Every Day, She Breaks So Much More Than the Sound Barrier…

Black female, comin’ out fightin’

To quote rapper Craig G, from “The Symphony,” mm mm mm, ain’t that somethin’: Maj. Shawna Rochelle Kimbrell is the first African-American female fighter pilot ever in the United States Air Force. (Thanks to Black Spin for the tip.)

As further noted on BlackMilitaryWorld.com, Kimbell’s a member of the 555th Fighter Squadron, and has been flying since she was 14.

“I am still amazed that in this day and age there is still so much room for firsts especially for females and for African-Americans,” Major Kimbrell said. “It is an important step for progression and although I am not fond of the spotlight I think it is important for people to know that this barrier has been breeched. Especially for the African-American community and for women to know what types of opportunities are available to them.”

Kimbrell notes that getting to this position presented continuous tests.

“There was the physical challenge of not having perfect eyesight, which at one point I was told would disqualify me from flying. There are continued challenges with flight gear, uniforms and equipment that are designed and optimized for men.”

Another challenge Major Kimbrell faced throughout her career and growing up was the struggle of being an African-American woman, who at times was viewed as being different than other people.

“There are still a lot of unresolved racial issues in the U.S. and they spill over into every walk of life and every workspace,” said Major Kimbrell, the only female pilot stationed at Aviano Air Base. “When I go somewhere new, people tend to look at me differently, mostly because of who I am and it is the subtle ways that people treat me differently that make it challenging. The unfortunate fact is that being a black woman is a constant struggle.”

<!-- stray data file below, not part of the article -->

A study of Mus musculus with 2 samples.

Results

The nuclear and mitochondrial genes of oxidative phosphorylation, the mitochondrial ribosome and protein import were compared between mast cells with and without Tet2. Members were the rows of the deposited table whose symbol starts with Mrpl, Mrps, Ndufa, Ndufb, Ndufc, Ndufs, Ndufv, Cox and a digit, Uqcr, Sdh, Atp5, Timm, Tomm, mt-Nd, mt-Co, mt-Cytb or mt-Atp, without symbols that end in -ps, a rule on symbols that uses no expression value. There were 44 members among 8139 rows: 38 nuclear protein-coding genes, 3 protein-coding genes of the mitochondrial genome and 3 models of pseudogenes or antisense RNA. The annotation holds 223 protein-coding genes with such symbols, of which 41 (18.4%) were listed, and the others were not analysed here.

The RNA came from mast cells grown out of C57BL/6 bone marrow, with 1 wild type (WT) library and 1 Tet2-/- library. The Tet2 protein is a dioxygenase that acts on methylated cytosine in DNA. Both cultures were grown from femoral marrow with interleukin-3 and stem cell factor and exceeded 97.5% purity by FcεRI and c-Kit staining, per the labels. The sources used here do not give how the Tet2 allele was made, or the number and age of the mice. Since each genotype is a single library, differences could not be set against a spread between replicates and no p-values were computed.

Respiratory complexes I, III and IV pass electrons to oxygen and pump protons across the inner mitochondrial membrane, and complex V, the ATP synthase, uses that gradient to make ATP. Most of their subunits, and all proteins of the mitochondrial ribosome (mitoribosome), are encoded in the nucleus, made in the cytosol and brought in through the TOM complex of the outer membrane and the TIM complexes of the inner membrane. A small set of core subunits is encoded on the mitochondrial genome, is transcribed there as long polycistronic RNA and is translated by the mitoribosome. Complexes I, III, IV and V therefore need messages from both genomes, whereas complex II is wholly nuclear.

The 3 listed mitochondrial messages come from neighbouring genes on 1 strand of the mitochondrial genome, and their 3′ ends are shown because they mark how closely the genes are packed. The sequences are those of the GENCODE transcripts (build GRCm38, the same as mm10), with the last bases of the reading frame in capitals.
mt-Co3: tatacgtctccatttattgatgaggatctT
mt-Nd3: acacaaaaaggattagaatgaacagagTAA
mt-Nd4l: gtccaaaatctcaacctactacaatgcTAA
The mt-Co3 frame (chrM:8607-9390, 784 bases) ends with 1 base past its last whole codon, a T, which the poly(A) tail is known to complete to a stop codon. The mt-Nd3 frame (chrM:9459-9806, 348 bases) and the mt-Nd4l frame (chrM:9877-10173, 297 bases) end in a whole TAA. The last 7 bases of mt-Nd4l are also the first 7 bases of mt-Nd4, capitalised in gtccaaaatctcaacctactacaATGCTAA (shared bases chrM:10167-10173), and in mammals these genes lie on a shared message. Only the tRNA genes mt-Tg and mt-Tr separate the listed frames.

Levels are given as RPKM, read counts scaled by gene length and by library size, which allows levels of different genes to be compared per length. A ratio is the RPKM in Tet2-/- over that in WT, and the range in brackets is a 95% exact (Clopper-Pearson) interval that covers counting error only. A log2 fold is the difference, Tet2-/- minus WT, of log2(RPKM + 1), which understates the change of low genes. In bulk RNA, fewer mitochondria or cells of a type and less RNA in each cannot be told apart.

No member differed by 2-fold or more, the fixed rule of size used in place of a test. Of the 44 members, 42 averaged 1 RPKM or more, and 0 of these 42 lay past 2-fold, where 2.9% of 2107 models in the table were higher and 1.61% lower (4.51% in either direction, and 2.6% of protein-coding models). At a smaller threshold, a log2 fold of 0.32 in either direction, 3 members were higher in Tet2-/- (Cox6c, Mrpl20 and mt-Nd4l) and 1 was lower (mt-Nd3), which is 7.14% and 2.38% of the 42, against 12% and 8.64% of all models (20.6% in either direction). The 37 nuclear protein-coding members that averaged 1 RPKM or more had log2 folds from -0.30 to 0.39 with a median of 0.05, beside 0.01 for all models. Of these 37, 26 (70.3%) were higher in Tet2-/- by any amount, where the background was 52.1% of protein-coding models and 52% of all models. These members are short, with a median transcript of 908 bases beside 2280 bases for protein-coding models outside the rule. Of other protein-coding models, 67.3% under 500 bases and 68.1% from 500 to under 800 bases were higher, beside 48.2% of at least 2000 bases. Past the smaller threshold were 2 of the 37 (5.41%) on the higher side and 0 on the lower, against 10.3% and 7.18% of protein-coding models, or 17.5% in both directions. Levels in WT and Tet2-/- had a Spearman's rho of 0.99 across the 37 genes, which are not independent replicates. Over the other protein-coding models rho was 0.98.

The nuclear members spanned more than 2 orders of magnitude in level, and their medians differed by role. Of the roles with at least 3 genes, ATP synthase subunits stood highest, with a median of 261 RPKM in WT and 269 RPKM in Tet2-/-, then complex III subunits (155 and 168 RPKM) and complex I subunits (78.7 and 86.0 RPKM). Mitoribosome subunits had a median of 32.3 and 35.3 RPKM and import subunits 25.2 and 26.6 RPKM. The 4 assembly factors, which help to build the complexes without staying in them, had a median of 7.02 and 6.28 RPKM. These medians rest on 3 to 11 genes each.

According to the piece, of the more than 14,000 pilots employed by the Air Force, approximately 3,700 are fighter pilots…and only 70 of those are female. (The Air Force first graduated women pilots in 1977, but they were excluded from combat until 1993. Many of these women belong to the CFPA: Chick Fighter Pilot Association, an informal group for hard hittin’ female flight jocks started in 2005.)

The F-16 which Kimbrell flies, above, has a maximum speed of 1,500 mph and a maximum ceiling of over 50,000 feet. It’s engine generates up to 29,000 lbs of thrust, and it can accelerate up to 9Gs.

In August 2006, Kimbrell brought her son into this world. She can definitely take him out.